The government is claiming that there is public support for ID cards and Blair has even stated that "there is no longer a civil liberties objection" to ID cards!!?? However the Home Office misrepresented the results of a previous consultation by counting 5,000 individual responses from members of the public, which were submitted via the STAND website, as just one vote! (STAND are the voluntary organisation behind www.faxyourmp.com)
Here's a couple of pieces that are well worth a read, can't recommend them enough - they both cover in-depth the (im)practical implications of the implementation & use of ID cards, and the overall conclusion to draw from them is that the government hasn't really thought it through properly. As the first article concludes, the proposals are Blunkett's "magic bullet" to solve his immigration headaches.
The Register: Everything you never wanted to know about the UK ID card
QUOTE:"So the government reps telling you there's not much in the database and there's a commissioner to mind it, so that's OK, are being really thick, in a 'don't know much about databases' sort of way. They are, without, clearly grasping it, proposing the ID Register as the focus around which an ever-increasing number of personal information databases revolve. They've set themselves a non-trivial task in keeping all of the specified information in the Register accurate and up to date, and the freeform nature of "information relating to an application or entry" will be a particular problem, because it should really be in another kind of database. Indeed, the amount of immigration-related data in the Register makes it look more like an immigration database than a general population register."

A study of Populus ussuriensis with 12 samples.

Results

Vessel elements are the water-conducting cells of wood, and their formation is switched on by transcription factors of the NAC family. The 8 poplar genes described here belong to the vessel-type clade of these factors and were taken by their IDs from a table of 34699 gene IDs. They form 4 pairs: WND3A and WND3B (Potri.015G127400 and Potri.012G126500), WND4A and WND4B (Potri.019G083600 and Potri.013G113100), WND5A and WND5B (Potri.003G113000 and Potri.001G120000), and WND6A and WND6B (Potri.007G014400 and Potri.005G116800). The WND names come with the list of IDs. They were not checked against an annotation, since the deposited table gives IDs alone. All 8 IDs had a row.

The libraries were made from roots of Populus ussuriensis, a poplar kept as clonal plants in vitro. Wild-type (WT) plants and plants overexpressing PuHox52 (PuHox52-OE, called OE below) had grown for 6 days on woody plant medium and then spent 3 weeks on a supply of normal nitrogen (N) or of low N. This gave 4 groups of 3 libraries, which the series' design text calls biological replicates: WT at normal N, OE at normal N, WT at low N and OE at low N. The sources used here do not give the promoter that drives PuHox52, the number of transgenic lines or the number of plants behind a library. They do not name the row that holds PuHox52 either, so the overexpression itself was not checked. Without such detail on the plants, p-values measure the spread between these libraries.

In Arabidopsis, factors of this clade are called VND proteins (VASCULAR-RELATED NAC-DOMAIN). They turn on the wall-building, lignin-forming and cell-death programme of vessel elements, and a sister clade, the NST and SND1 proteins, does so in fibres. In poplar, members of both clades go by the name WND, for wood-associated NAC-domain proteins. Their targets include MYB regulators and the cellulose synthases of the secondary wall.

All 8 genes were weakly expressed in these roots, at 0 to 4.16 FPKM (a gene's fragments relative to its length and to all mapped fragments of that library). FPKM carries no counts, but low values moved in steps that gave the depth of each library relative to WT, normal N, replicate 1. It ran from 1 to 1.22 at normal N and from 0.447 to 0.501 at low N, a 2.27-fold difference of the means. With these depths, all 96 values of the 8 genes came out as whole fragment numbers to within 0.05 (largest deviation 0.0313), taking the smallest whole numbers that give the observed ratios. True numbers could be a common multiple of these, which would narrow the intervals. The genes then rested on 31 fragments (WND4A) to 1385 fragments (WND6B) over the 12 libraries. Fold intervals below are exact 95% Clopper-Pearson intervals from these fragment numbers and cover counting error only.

UNCORRECTED TRANSCRIPT OF ORAL EVIDENCE TAKEN BEFORE HOME AFFAIRS COMMITTEE INQUIRY INTO IDENTITY CARDS Tuesday 24 February 2004
(This is the evidence of experts in issues of technology & security - but it is a very accessible read)
QUOTE:"Professor [Martyn] Thomas [UK Computing Research Committee]: There is a fundamental issue here which I think will come up a number of times, and that is that the government has identified a number of application areas of the card but nothing that I have been able to find identifies why the ID card as proposed is a solution to any particular problems in those application areas. Until that is done most of the questions you ask in this area do not have an answer because you are not asking the right people. You need to be asking the Home Office."
Another useful link is White Rose: "a protest blog collective focusing on civil liberties in the UK and the rest of world" - http://whiterose.samizdata.net/
Also the STAND site: www.stand.org.uk - and Privacy International(who are holding a public event on ID cards on 19th May : http://www.privacyinternational.org/
Can anyone recommend any good solid practical arguments (or links to the same) with which to respond to the apathetic "if you've done nothing wrong you've nothing to worry about" attitude? i.e. you can say rather abstractly that civil liberties are A Good Thing, and unregulated state power is Bad but how can you demonstrate Why? (People seem to think you have a point if you emphasis the sheer cost & technological wishful-thinking of the whole undertaking, but think you're a bit nuts if you're opposed to ID cards on principle.) Ta.